Paolo Bacigalupi Podcast
^So, this is almost a year old, but I stumbled across it only recently. Paolo Bacigalupi is one of my favorite authors, and hearing him interviewed was pretty inspirational for me. The podcast touches on writing from ideas without being didactic, writing for young adults, and the writing process. I’ve pulled out a couple of quotes here to riff on a little, but I highly recommend listening to this interview. In fact, if you’re interested in writing, I would basically say this is a must-listen 😉
“No matter what I’m writing about, it has to be about something.”
I don’t always write purely from ideas or high concepts, but much of my writing does stem from that. This is especially true of my short fiction. And I will say that I am somewhat skeptical of stories that don’t have some kind of message, especially in YA fiction. I think YA has the opportunity to convey impactful thoughts and concepts to a young audience who are still forming their ideas about the world. Adults tend to have their ideas formed and will likely gravitate towards things that reinforce their worldviews already, but younger people will listen to new things if they are delivered in a compelling fashion.
As a writer, working from an idea is more appealing to me as well, since it adds depth to the story. You’re no longer just telling a story, but rather you’re trying to spread an idea through a story, which I think is one of the more powerful ways to do so.
“I want him to be able to see himself on the page.”
There are two great points Bacigalupi makes about YA fiction in this interview, and one of them is this. His son is half-Indian, and so creating characters that non-white children can identify with is very important to him. I share similar values, and much of the reason I am working in a YA series based on Korean folktales is to provide relatable characters for other Korean-Americans (or even Asian Americans in general) who have grown up in the United States. I sincerely hope that we start to see more minority voices in genre, and especially YA, fiction in the near future.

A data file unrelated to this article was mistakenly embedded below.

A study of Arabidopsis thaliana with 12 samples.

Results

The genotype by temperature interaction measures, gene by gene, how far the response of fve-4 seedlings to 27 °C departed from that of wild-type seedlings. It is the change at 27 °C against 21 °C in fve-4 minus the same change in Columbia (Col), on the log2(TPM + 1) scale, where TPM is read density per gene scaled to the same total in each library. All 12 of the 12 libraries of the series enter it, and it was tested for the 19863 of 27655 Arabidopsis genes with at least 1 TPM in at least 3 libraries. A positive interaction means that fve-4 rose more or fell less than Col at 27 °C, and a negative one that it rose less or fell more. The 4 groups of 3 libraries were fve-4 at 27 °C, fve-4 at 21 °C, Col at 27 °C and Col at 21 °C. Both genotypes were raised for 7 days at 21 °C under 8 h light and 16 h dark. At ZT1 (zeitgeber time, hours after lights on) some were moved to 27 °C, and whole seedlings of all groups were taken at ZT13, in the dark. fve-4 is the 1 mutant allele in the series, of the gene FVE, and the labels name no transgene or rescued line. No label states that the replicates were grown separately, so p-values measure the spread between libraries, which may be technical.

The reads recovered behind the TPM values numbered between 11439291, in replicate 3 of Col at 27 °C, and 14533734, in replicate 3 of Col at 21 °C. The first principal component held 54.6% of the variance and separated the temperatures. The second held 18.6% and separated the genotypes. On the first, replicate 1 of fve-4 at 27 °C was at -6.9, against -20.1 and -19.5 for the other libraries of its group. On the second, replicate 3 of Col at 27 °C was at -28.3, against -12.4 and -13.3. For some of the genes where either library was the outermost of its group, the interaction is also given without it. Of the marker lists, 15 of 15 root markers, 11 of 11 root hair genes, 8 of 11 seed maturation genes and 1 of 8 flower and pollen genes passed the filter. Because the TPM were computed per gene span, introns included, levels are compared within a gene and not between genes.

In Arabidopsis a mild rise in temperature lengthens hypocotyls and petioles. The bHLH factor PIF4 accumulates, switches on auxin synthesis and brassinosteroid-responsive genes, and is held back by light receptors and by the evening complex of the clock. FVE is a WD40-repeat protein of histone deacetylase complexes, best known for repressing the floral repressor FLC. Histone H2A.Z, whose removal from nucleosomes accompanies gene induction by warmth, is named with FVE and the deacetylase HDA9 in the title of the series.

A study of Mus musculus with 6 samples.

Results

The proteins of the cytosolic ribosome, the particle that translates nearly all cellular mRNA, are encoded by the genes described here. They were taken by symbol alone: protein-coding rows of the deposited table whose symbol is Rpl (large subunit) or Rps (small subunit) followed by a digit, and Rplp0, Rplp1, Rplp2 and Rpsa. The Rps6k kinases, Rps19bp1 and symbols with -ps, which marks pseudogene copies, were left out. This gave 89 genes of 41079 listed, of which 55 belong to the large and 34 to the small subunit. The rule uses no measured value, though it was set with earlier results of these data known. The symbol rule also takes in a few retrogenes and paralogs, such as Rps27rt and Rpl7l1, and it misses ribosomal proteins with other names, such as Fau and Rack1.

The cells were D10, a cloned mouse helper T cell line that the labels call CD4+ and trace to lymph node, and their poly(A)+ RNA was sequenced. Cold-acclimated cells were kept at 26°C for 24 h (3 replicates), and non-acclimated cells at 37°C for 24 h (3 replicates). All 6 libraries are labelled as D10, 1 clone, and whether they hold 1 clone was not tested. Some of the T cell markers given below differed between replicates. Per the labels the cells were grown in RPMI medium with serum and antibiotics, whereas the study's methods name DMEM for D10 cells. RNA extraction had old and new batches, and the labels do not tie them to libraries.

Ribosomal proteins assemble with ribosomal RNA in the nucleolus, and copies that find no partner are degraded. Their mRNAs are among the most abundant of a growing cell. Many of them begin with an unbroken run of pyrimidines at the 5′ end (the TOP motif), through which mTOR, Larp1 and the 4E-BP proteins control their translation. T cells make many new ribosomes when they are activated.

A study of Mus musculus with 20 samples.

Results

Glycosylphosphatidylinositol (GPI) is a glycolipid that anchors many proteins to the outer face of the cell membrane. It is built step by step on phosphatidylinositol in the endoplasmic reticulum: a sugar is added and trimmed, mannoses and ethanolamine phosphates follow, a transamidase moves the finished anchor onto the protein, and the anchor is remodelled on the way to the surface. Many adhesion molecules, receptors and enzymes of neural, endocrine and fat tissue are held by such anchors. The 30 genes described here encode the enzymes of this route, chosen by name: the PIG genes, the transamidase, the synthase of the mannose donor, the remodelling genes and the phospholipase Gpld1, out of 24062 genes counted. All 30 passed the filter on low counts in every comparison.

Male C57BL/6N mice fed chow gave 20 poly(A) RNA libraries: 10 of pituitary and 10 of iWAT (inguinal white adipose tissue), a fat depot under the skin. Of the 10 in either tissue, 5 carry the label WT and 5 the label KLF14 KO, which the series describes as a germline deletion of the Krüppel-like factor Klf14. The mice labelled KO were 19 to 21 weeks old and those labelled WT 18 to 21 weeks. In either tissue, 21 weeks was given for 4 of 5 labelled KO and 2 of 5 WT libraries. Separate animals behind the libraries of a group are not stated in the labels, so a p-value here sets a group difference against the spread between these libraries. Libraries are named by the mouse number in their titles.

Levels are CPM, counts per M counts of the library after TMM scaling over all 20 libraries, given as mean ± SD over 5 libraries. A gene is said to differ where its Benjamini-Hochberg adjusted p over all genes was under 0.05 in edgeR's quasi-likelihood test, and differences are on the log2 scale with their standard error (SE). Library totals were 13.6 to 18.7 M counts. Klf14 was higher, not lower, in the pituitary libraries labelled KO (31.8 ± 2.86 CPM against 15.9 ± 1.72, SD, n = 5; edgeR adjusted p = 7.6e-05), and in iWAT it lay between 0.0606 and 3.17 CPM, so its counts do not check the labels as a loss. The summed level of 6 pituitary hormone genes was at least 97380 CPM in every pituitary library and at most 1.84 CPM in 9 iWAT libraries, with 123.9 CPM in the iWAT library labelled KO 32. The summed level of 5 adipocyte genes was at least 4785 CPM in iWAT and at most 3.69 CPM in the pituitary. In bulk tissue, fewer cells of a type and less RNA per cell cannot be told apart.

“Young Adult fiction is the place where story is celebrated.”
This is an observation I hadn’t really thought of, but I think it’s true. One of the reasons that YA is so captivating, not only for kids but also for adults, is that all of the stories have strong, well-paced, moving plots. While I love a good rumination, when done poorly it can be very boring, and YA, particularly sci-fi or fantasy YA, does always promise a good romp of an adventure. There will be action, there will be romance, and it will be fun.
On an aside, those who know me know that I often bash YA fiction, an odd position given that I’m working on writing it. Sadly I feel that it (and SFF fiction actually) are filled with pretty terrible writers. That isn’t to say that other genres don’t suffer that problem as well, but I feel the SFF genre, YA or otherwise, suffers more of it…though this could also be something I notice because I happen to consume so much more of it than other genres. However, despite its short comings, I do believe that YA, when done well, can be very good, very powerful, and very fun to write, something that Bacigalupi touches on in his interview and that I’m harping on with the above quotes.
Anyway, aside over, I hope you enjoy listening to the podcast as much as I did and find it help, inspirational, or at least fun.